Strona internetowa wykonana w ramach projektu nr CZ.11.4.120/0.0/0.0/15_006/0000086 pn „Bolesławiec-Vrchlabí – aktywna transgraniczna współpraca muzeów”, dofinansowanego przez Unię Europejską ze środków Europejskiego Funduszu Rozwoju Regionalnego w ramach Programu INTERREG V-A Republika Czeska – Polska 2014-2020.


Kościelna 1a

Originally, a church from the 13th century was located here that got destroyed during the Hussite invasion. The present temple received its architectural form in 1482–1492, which is confirmed by the dates carved on the elevation. Perhaps, a part of the nearby church of St Dorothy from 1194 was incorporated into the building, as is suggested by the asymmetrical location of the body relative to the presbytery. The new temple received forms typical of the late Gothic architecture of Saxony and Lusatia, which indicates the origin of the workshop that carried out the work. In the early 16th century, a number of chapels were added from the south.

In 1524–1640 the temple was used by Protestants. After a fire in 1642, it was rebuilt in 1655–1692. For the last three years, an Italian builder, Giulio Simonetti, was in charge of the work. Under his supervision, vaults of the main nave were built and the temple interior was baroqueized. The neo-Gothic tower dome was made in 1843.

In the 18th century, the temple became an important pilgrimage site due to the Holy Cross relics being placed here. On 27 June 2004, the temple was raised to the rank of Marian Shrine, and on 7 October 2012, it received the status of Minor Basilica of the Legnica Diocese, making it one of the three most important temples in the region.

The southern elevation is adorned with an entrance portal with statues of St Sebastian and St Roch by Georg Leonard Weber taken in the 19th century from the demolished Upper Gate, epitaph plaque of Kaspar Kirchner, an outstanding thinker and poet of the Renaissance, epitaph plaque of Thomas Heinsius (†1571) with a scene depicting the sacrifice of Isaac (according to some researchers, the view of the city presented here is the oldest preserved image of Bolesławiec) and a sundial made by master R. Munzky in 1907 with a Latin poem: “Hora fugit, Mors venit, Umbra transit, Lux manet” (Time flies, death comes, shadow passes, light remains).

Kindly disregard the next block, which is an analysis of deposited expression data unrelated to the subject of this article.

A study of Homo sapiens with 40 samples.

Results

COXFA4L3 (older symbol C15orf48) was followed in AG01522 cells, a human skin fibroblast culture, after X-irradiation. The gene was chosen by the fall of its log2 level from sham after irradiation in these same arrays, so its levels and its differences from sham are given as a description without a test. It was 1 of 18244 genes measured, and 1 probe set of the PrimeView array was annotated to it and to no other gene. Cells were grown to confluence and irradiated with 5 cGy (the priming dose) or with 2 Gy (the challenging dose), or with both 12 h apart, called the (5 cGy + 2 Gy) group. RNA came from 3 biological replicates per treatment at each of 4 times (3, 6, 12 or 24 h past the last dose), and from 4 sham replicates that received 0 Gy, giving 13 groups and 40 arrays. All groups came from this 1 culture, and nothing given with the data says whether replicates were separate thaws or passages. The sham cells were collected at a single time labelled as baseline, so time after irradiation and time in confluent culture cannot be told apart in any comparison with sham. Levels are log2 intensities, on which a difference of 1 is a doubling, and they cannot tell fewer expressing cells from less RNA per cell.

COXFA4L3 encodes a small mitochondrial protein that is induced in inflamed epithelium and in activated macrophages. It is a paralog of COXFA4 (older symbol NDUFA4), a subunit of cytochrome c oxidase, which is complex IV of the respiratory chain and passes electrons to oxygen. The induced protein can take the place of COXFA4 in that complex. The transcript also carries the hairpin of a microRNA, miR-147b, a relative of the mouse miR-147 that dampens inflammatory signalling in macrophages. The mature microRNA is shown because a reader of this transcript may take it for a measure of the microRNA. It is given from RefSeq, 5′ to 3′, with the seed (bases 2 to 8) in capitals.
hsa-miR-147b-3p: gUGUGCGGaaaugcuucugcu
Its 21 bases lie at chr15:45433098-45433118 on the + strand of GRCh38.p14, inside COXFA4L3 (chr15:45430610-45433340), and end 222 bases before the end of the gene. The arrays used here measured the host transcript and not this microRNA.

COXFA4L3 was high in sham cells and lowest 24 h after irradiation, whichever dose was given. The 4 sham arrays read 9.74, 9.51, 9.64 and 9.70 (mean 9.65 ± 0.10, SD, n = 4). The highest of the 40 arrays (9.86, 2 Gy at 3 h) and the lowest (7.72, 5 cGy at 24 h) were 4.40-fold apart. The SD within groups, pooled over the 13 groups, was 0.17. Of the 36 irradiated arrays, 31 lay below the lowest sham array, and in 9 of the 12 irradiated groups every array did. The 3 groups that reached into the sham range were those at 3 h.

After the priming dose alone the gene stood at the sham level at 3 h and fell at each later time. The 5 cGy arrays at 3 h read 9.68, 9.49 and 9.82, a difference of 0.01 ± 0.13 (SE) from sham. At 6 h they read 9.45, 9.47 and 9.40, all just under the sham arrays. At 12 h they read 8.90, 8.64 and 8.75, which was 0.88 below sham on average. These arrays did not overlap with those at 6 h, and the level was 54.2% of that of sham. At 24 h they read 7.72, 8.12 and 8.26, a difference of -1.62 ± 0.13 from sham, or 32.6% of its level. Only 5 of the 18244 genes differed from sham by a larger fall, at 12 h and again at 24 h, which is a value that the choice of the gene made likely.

On the western elevation, one can see the west portal with statues of St Hedwig, Mother of God, St Joseph and St John of Nepomuk by G.L. Weber taken from the city gates, a bas-relief depicting the Holy Trinity, with the date 1533, also brought to its present location from the Upper Gate and the date 1516 from the time the church was remodelled.

The northern elevation features an embedded epitaph plaque of the potter Matthes These (†1625) and the date 1492 on the window in the northern wall of the tower that marks the completion of the church construction.

On the eastern elevation, covering the presbytery, one can see an inscription in the Gothic minuscule: “Anno Domini m ° cccc ° lxxxii °” (in the year of our Lord 1482) indicating the beginning of the church construction and an image of the Silesian Eagle; below, there is an epitaph plaque of Esther Praller, and in the basement part the foundation stone with four tau crosses forming the so-called Krueckenkreuz is embedded.

In the 18th century, the church received rich, baroque furnishings. The extended main altar with the Assumption of the Blessed Virgin Mary scene in the central part was erected in 1725 after G.L. Weber’s design. It is also adorned with numerous figures of saints: Peter and Paul, Augustine and Nicholas, Stephen and Lawrence, Wenceslaus and Leopold, placed in front of columns, the Holy Trinity image placed on the top, surrounded by angels and allegorical figures symbolizing Faith, Hope and Love, and statues of St Ludmila and St Hedwig on sides.

The temple has four side chapels: of the Holy Cross, St Barbara, St Catherine of Alexandria and St Alexius. Also noteworthy is the decorative vault of the sotocoro associated with Roskopf’s workshop.

The furnishing is complemented by numerous altars, including the altar of the Immaculate Conception (ca. 1722, today: of Our Lady) by the painter Jeremias Joseph Knechtel of Legnica as well as the pulpit and paintings, incl. “Crucifixion” by G.W. Neunherz. On the crowning cornices, there are figures of 12 apostles attributed to G. Simonetti’s workshop. Above the chancel arch, the Scene of the Annunciation is visible.